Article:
A sprinkler sends water to surrounding plants in a garden.
A sprinkler sends water to surrounding plants in a garden. - Mark Cullen

By Mark and Ben Cullen

Gardening trends are constantly changing. Never faster than now.

Some things don’t change (thankfully), like the sound of the wind in the trees, bird song and the daffodils that arrive each spring, while others do. Here is our list of the top six current trends that deserve your attention:

  1. Unique and heirloom plant varieties will gain traction as beginner gardeners build confidence and discover a world of wonders beyond the front page of the seed catalogue or the homepage of a seed company’s website.

Our friend Niki Jabbour has published a great new book that provides a thorough overview of many new vegetable varieties, including some not-so-new but newly rediscovered,  “Veggie Garden Remix: 224 New Plants to Shake Up Your Garden and Add Variety, Flavor, and Fun”. Niki opens our eyes to the weird and wonderful world of obscure veggies that are suitable for Canadian gardens.

Seed exchanges (sometimes referred to as “Seedy Saturdays”) are growing in popularity. These are social events where open-pollinated and heirloom seeds are exchanged between amateur and professional gardeners. Your local library may have news about seedy Saturdays in your area.

Continuing education. Millennials especially, the most educated generation in history, just can’t get enough information. Classes and workshops for everything from woodworking to bread making are more popular than ever, and that applies to gardening, too. If you prefer to go online, check out www.craftsy.com. They are providing quality instruction on garden projects from the convenience of your computer screen.

  1.  Indoor plants continue their takeover of apartments, condos and homes across Canada. This trend has been growing for a couple years now, so expect to see newbie-growers moving from bullet-proof spider plants and pathos into more exotic specimens, such as orchids, tropical hibiscus, or carnivorous plants such as Nepenthes Rebecca Soper. Where indoor plants are concerned, it seems like the ‘70s all over again, minus the macramé.
  2.  Biodiversity will be important as ever as we learn more about threats to the Earth’s rain forests and green spaces closer to home. You can mark Mark’s words on this: in 20 years there will be as many insect hotels as there are birdhouses in Canadian yards.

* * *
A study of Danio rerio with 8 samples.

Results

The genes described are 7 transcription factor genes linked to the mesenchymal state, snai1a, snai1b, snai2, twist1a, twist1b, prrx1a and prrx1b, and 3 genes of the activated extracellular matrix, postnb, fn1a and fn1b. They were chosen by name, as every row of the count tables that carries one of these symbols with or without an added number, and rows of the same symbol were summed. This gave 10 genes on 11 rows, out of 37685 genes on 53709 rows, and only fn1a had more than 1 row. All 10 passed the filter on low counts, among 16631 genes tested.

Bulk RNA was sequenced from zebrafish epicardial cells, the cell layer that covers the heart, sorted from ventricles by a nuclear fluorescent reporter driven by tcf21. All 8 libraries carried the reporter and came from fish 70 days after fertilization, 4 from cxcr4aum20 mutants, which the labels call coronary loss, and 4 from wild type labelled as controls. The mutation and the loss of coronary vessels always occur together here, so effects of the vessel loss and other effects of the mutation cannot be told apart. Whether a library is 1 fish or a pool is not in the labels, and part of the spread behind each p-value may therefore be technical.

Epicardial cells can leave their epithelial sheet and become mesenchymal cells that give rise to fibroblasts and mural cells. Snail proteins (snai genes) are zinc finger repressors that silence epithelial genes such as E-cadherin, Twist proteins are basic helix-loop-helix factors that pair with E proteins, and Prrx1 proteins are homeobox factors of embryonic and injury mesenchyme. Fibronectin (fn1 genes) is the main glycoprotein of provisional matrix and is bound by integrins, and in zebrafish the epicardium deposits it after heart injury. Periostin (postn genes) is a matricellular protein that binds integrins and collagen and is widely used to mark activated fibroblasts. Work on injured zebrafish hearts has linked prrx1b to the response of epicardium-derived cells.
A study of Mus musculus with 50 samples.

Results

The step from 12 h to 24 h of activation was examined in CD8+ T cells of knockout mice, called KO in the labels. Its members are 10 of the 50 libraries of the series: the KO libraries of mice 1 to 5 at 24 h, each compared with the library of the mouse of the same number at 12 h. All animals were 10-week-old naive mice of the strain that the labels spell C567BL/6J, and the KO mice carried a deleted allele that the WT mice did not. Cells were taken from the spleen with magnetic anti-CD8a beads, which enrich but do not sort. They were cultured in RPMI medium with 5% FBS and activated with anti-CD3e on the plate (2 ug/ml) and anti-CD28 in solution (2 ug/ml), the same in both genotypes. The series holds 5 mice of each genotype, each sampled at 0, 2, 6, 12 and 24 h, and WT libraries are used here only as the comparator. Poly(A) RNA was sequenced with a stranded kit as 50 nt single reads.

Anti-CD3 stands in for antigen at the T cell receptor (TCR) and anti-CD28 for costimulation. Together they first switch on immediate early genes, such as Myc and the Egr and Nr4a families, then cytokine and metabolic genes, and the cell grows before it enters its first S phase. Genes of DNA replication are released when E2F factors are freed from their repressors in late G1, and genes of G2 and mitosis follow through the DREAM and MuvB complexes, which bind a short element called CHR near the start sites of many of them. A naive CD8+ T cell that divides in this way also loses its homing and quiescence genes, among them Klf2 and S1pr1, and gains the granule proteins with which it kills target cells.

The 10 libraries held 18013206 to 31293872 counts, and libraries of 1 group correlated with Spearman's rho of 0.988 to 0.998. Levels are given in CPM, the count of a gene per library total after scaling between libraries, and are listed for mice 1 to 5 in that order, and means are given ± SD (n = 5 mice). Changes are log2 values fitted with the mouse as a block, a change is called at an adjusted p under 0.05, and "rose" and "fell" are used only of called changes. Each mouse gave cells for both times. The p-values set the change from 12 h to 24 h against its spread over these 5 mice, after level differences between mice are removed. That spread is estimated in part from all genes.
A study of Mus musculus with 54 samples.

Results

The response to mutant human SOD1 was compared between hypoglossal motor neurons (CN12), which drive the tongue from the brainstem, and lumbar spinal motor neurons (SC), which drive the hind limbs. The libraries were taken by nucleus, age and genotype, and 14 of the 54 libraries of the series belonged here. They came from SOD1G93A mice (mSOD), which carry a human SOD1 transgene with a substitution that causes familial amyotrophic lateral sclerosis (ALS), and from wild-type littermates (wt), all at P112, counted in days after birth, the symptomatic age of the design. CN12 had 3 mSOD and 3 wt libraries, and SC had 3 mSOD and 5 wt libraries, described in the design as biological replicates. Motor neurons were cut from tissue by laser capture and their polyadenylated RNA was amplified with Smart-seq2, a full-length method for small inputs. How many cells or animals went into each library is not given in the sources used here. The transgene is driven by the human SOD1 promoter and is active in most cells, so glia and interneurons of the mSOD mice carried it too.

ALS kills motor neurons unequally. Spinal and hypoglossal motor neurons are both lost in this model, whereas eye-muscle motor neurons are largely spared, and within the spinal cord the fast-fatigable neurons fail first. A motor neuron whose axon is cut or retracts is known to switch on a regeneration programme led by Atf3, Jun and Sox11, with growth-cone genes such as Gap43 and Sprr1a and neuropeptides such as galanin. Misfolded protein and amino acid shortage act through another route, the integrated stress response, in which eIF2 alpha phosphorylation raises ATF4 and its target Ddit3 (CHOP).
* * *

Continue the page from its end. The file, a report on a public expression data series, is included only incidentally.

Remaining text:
For that to happen, expect a continued shift in mindset for gardeners who are open to the ‘naturalization’ of backyard gardens. Insect hotels support biodiversity by providing habitat for bees, beetles, insects and critters which all play a crucial role in the food web, often as pollinators. There are countless designs, but the best ones embrace rot and decay – just how the guests like it.

You can also foster biodiversity by planting native varieties, which are proven to support more wildlife than non-natives. Seed and berry producing plants also provide fodder for birds, which are an important part of this picture.

  1. Photogenic plants: There is an ongoing trend towards gardeners wanting to share their successes through social media. We expect that this will drive a boom in ‘photogenic’ plant varieties. That is, plants which make for a great photo. This could mean colourful vegetable varieties, such as a “Rainbow Mix” of tomatoes, carrots and Swiss chard or purple potatoes. Expect a comeback for some classic ornamentals such as roses and peonies. Rose collecting is a thing of the past; however there are many new varieties which are disease-resistant while producing impressive colour and fragrance which will win over Canadian gardeners.

The wind will continue to blow and frogs will croak through mating season. Indeed. However, change is a necessary constant to retain our interest – and this year’s trends have us as captivated as ever.

Mark Cullen is an expert gardener, author, broadcaster, tree advocate and holds the Order of Canada. His son Ben is a fourth-generation urban gardener and graduate of University of Guelph and Dalhousie University in Halifax. Follow them at markcullen.com, @markcullengardening, on Facebook and bi-weekly on Global TV’s National Morning Show.